By Keerthana Venkatesh

Contributing Author for Spark Igniting Minds

PART (1)

Bang! I rolled down the road

With the shrieking- panicking crowd.

To the hospital I was carried

And laid with my head, bruised.

I lay unconscious when my skin was pierced

With the needle which gave me blood.

Home I returned, six days later.

As I watched the chill winter

I felt my throat sore and body afire.

Three days I slept feeling weak

And learnt that life would now retreat

‘cos the blood that saved my life

contained it’s end in it.

I now suffer, counting minutes

As life is breaking into bits and pieces.

The infected blood of a man flows

all through my interiors:

killing me day by day

carrying my soul far away.

Why is it I to face this end

And neglected by every friend?

PART (2)

Here I crouch in the warm world

Of my mother’s womb.

But I know the fate I shall

Face in a few afternoons.

The world shall have me

for a few days;

and for no fault of mine

my end I shall face.

Ma suffers too

Crying with pain-

Not of her death

But of my ill- fate.

She prays that I never

Come out with this fever.

She realizes her fault

for having borne me at all.

I shall face death

Less than walking the earth a year.

Oh! What a life I shall face.

Is this after all my fate?

PART (3)

Here I lie on my bed of death

Thinking of the dreadful night-

For a moment of bliss I slept

Beside a harlot for a price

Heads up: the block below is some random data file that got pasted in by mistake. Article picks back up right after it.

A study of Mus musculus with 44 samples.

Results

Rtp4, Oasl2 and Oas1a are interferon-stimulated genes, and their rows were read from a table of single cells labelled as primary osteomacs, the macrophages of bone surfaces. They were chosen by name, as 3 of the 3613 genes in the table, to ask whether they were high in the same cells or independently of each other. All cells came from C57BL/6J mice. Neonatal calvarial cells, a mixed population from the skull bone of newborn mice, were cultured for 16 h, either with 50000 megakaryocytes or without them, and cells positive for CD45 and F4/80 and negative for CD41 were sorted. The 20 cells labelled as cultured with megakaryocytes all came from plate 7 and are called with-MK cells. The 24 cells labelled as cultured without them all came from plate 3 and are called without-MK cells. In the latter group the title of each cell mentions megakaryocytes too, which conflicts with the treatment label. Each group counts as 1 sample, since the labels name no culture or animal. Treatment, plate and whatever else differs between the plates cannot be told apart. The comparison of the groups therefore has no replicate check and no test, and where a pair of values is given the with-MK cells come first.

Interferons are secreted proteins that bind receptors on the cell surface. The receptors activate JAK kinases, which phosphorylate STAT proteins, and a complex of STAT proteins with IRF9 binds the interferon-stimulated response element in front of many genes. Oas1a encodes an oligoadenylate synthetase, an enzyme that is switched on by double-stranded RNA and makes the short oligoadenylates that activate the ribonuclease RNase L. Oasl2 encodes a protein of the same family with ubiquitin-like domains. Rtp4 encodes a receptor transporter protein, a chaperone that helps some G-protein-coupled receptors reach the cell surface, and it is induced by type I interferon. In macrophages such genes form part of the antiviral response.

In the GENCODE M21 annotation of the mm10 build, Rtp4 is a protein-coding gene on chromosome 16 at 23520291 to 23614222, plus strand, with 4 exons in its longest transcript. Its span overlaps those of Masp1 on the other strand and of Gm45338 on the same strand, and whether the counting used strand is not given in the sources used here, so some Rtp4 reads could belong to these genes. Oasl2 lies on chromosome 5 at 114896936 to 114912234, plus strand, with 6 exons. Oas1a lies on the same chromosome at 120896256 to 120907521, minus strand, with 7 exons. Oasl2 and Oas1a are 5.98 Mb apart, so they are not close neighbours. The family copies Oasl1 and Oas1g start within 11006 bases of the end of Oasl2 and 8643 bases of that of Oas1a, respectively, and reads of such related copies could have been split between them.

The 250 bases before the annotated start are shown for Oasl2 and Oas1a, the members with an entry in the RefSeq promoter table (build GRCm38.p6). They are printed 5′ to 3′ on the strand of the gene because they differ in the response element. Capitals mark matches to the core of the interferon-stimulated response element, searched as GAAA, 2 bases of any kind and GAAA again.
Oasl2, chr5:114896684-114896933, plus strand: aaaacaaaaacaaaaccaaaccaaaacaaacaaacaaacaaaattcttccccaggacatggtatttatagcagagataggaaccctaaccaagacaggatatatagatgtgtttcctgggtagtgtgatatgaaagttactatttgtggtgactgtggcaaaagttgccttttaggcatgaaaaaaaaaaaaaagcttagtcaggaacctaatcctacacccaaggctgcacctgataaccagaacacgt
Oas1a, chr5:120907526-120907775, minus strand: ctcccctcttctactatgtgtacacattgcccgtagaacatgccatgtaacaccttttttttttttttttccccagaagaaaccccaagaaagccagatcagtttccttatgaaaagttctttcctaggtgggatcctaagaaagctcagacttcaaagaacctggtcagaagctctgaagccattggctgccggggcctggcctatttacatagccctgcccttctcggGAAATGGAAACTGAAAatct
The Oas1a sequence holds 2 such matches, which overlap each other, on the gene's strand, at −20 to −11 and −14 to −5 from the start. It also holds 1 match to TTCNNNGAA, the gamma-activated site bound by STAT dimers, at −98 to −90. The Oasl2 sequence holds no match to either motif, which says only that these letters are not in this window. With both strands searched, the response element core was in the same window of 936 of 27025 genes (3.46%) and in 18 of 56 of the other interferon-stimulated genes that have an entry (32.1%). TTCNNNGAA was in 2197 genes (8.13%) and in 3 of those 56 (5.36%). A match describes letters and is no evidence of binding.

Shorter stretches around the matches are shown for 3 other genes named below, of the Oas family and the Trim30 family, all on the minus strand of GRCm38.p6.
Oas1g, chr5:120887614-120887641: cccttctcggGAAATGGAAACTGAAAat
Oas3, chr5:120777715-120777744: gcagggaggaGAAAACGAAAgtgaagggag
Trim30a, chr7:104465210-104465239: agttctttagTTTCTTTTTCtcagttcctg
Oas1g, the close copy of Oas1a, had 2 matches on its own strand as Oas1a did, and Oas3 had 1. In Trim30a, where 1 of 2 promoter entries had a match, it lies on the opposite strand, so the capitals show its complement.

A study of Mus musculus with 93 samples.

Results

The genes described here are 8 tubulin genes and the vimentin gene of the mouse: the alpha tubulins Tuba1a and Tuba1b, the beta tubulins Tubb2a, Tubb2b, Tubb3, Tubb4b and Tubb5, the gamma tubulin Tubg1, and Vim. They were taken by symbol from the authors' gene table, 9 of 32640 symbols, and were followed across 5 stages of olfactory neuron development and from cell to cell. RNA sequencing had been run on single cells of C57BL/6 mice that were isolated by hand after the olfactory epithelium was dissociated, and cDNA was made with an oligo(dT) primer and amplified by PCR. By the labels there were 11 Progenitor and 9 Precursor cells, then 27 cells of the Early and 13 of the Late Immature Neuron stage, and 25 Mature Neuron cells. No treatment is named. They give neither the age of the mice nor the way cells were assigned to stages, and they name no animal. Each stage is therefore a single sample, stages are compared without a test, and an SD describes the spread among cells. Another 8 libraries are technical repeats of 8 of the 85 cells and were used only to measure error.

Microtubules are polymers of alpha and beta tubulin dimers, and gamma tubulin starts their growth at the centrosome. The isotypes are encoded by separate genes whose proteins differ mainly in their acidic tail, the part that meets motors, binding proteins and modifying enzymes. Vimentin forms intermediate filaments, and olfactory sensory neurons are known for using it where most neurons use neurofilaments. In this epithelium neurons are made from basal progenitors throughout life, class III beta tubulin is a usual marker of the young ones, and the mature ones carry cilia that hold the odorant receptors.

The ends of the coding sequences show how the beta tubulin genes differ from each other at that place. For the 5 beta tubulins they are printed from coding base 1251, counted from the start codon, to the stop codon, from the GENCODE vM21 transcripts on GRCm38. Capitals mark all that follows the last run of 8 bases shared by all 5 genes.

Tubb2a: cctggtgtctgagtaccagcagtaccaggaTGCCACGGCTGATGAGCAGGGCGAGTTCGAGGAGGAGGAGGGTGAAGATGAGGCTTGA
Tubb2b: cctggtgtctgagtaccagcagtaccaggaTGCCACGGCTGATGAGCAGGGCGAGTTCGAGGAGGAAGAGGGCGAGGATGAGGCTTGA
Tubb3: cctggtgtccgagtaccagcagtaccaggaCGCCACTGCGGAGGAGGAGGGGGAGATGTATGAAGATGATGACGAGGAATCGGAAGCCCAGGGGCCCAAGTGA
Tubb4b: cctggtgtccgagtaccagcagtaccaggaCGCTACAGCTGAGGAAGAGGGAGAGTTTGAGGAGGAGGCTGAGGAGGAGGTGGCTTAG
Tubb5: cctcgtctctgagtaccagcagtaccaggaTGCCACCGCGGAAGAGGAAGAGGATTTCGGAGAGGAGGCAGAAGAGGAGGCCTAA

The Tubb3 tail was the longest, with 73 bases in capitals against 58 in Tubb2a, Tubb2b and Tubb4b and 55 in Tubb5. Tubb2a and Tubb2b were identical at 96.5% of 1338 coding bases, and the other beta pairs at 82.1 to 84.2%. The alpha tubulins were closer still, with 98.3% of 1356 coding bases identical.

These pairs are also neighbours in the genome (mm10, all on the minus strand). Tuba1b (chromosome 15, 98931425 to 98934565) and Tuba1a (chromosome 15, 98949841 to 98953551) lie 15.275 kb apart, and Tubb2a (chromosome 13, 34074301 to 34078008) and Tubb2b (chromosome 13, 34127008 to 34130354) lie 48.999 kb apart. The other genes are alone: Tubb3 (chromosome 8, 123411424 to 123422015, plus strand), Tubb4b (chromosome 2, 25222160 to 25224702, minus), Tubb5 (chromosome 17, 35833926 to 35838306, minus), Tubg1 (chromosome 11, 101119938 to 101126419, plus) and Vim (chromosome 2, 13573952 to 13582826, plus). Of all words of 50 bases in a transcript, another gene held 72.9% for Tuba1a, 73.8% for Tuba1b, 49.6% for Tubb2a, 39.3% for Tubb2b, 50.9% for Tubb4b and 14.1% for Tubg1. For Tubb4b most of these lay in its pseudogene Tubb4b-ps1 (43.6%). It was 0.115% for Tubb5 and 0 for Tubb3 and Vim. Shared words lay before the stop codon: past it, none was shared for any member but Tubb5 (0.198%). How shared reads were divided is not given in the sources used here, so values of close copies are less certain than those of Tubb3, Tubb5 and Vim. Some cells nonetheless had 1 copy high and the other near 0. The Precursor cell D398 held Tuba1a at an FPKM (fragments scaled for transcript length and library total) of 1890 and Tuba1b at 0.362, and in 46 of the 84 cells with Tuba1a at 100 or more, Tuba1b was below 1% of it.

I never can repay. For it has

Costed me my twenty years of life.

People try to cheer me up

With completely withdrawn hope.

I smile back- dejected,

with exhausting force.

The few moments of in-experienced bliss

Has now shattered me to pieces.

My life shall pay for my unloyalty

to my loving family.

PART (4)

Off I ran with my friend

to print those fancy designs

on my legs and hands.

Little did we know that it

costed more than we expected.

So we shared the same pricker

Without the slightest realisation.

Years trod and the designs faded;

taking our life along with it.

Had we been more cautious

we could have saved the illness.

Why don’t we get another chance

to prove our ignorance?

Is death the only punishment

for our foolishness?

(Featured Image by Gordon Johnson from Pixabay)

About the Author

Keerthana Venkatesh is a passionate writer with a penchant for positivism via thoughts, actions and alternative therapies.

She has worked on the editorial of some of India’s biggest media houses and as content management and marketing head in various corporates.

An avid traveler and a doting mother, she finds inspiration and the energy of positivism through places, people and her daughter which she showcases in her blog titled "This Short Story"!